By Alyssa DePlonty
Member’s grandfather served in historic New Deal program
The time was approaching – my undergraduate graduation. And like most 22 year olds in that position, panic was setting in: “What was I thinking, majoring in liberal arts?” My job search then started anew with a different focus; gone were the museum jobs I was only partially qualified for. My new focus would be something I always enjoyed, working with the community and others.
That search led me to the AmeriCorps webpage, where I spent more time than I’m willing to admit reading all that I could about the available jobs and their focus on community service and involvement.
It soon became apparent that AmeriCorps National Civilian Community Corps (NCCC) was modeled after the Civilian Conservation Corps (CCC), which was instituted as part of Franklin D. Roosevelt’s New Deal. My grandfather was a part of the CCC in Michigan, and his service did indirectly impact my decision to join NCCC.
I had grown up being a history buff and understood that he played a role in the rebuilding of a nation and the more I read about NCCC, the more I became intrigued by the job and its connection to my grandfather and American history as a whole.
I applied to NCCC, wanting to make a difference and find a connection to my nation, and to my grandfather as well. I was accepted as part of Class 18 in the Southwest Region Campus in Denver, and my service was underway!
Through NCCC, I served in Joplin, MO, for disaster relief for the six-month anniversary of the May 2011 tornadoes. In Farmington, NM. I served the Boys and Girls Club. Marycrest Assisted Living Home in Denver, CO, was my third project. And my last adventure was a split project: one month in Yuma, AZ, repairing and painting outdoor awnings for the city and the second month living in the mountains of northern Arizona serving with the National Park Service.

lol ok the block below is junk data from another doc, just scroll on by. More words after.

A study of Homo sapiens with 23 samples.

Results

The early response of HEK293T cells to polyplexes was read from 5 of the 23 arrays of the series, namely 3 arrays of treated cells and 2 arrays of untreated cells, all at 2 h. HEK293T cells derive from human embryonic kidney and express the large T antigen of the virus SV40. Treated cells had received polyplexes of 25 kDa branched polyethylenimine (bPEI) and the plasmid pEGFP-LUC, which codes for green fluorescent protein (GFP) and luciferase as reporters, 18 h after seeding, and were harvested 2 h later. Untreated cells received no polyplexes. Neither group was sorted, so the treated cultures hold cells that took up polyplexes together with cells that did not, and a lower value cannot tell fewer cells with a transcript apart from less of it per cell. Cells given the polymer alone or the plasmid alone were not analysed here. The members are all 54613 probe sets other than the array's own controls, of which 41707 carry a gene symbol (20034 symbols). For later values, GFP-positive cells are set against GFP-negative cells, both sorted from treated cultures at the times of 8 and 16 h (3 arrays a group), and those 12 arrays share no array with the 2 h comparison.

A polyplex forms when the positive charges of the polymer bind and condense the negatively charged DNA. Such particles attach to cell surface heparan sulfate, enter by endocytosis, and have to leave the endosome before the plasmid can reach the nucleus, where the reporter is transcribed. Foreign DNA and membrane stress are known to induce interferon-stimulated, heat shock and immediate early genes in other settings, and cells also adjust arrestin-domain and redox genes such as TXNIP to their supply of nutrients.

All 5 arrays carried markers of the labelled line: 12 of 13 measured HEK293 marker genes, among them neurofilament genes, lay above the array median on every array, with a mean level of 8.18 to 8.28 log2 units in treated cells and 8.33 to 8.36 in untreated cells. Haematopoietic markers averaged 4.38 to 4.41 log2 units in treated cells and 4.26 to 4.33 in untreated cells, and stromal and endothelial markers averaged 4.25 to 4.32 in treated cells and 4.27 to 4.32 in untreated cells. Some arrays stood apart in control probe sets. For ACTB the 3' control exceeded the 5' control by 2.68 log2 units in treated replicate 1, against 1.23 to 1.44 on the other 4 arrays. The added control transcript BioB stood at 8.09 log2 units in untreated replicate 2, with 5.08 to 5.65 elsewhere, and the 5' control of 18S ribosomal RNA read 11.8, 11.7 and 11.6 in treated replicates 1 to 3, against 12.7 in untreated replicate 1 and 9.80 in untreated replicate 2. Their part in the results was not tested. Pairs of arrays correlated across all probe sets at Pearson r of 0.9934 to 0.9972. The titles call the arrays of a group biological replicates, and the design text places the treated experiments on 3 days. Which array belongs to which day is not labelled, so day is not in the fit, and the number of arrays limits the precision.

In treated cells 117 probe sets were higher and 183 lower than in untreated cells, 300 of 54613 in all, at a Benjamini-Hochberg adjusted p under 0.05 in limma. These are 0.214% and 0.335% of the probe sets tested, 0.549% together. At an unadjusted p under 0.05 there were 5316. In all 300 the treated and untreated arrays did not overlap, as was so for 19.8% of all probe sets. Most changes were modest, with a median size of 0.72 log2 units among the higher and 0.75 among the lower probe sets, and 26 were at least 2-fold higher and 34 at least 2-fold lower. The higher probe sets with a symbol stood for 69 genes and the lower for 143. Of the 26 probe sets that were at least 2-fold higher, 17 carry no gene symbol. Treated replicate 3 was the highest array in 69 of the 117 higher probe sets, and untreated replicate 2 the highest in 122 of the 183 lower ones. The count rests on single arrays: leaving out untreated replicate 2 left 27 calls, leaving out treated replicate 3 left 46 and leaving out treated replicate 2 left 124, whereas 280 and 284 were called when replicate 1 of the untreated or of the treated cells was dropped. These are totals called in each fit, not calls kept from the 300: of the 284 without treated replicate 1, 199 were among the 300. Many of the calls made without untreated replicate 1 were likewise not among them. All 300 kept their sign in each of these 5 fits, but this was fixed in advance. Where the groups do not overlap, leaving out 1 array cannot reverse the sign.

I can easily say that being a part of NCCC was one of the most-rewarding, yet challenging, experiences of my life thus far. It made me the person I am today; I owe my team building and handiwork skills, as well as my confidence as an adult to my service.
I would be a much different person today, if not for my service and the lessons I learned there.
The Corporation for National and Community Service is celebrating the 20th anniversary of AmeriCorps and highlighting the theme of environmental stewardship during the month of April. For more information about the 20th anniversary, please visit the AmeriCorps 20th Anniversary Resource Center.